I was sent the book, "Doctor, are you listening? A couple's struggle to find the right infertility doctor," to review by the author, Dr. Masood Khatamee. His co-author, Linda Perelman Pohl, was an infertility patient herself decades ago, and she details her experiences.
Since Linda went through treatment about 20 years ago, some of her experiences are very dated. Today, the process a couple would go through for diagnosis and treatment would be different, and that's where Dr. Khatamee steps in. In his sections, he talks about where treatment is today. His section on sperm analysis is very detailed.
Linda highlights the frustration of going from one doctor to another, and how some doctors definitely need work on their "bedside manner." I think that today, her experience would be very different because the access to information about doctors is so much easier. With online reviews of doctors and the websites dedicated to support for infertility, it's easy to get a recommendation or to evaluate a practice for IVF.
I found the most useful sections to be Dr. Khatamee's, especially in the end when he talks about what women can do to preserve fertility. He writes candidly about sexually-transmitted diseases, the responsibility of gynecologists to educate women about fertility, and how women need to think more about the risks of delaying pregnancy or having an abortion. To that last point, he writes that when he told one patient she was infertile, she cried and said, "Ten years ago, when I had an abortion, no one told me this could happen." (p. 213, Khatamee and Pohl) He's not saying the abortion caused the infertility but that delaying pregnancy until you're older definitely can.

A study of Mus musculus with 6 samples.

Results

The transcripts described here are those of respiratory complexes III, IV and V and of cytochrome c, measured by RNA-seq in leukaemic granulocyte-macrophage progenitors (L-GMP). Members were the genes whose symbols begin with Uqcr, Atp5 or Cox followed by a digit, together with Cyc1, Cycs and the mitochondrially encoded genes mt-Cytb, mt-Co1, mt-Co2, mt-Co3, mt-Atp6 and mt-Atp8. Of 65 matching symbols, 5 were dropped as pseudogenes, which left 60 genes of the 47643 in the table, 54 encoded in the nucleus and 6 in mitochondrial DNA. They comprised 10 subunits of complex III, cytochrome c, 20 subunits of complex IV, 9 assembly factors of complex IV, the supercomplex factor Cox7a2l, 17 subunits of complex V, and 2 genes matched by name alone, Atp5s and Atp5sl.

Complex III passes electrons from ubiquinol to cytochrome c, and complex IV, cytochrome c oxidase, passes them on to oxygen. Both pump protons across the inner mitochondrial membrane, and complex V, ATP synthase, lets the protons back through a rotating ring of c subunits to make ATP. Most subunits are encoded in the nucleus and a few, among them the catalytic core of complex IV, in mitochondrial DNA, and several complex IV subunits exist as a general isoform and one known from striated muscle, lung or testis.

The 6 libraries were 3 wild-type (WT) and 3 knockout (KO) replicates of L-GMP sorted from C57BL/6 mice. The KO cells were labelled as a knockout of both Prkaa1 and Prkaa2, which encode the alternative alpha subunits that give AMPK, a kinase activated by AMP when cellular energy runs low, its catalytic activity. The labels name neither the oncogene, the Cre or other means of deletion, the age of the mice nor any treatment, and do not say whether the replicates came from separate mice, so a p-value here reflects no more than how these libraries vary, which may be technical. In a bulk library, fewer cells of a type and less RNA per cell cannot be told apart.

His comments highlight that women need more education about the choices they make around their sexuality. I'm glad he writes that the safest sex is with a mutually monogamous, uninfected partner. Condoms are certainly good, but he's right, and I'm glad someone has said it. Risky behaviors like multiple sexual partners without protection can have very sad consequences like infertility.
I wish that Dr. Khatamee's sections were published separately. He seems to be a very compassionate person, and he explains things very well. For someone going through infertility treatments right now, I think reading Linda's sections would just be frustrating. When you're in the midst of problems, sometimes the last thing you want to read is someone else's problems.
In the end, Linda and her husband adopted two girls, which is not really a spoiler since Dr. Khatamee tells the reader early in the book. She didn't go through IVF; she mostly writes about the diagnostic testing. But a family comes in many shapes and sizes, which really is the point. Even though she gave up on having her own biological children, she still got the family she and her husband dreamed of.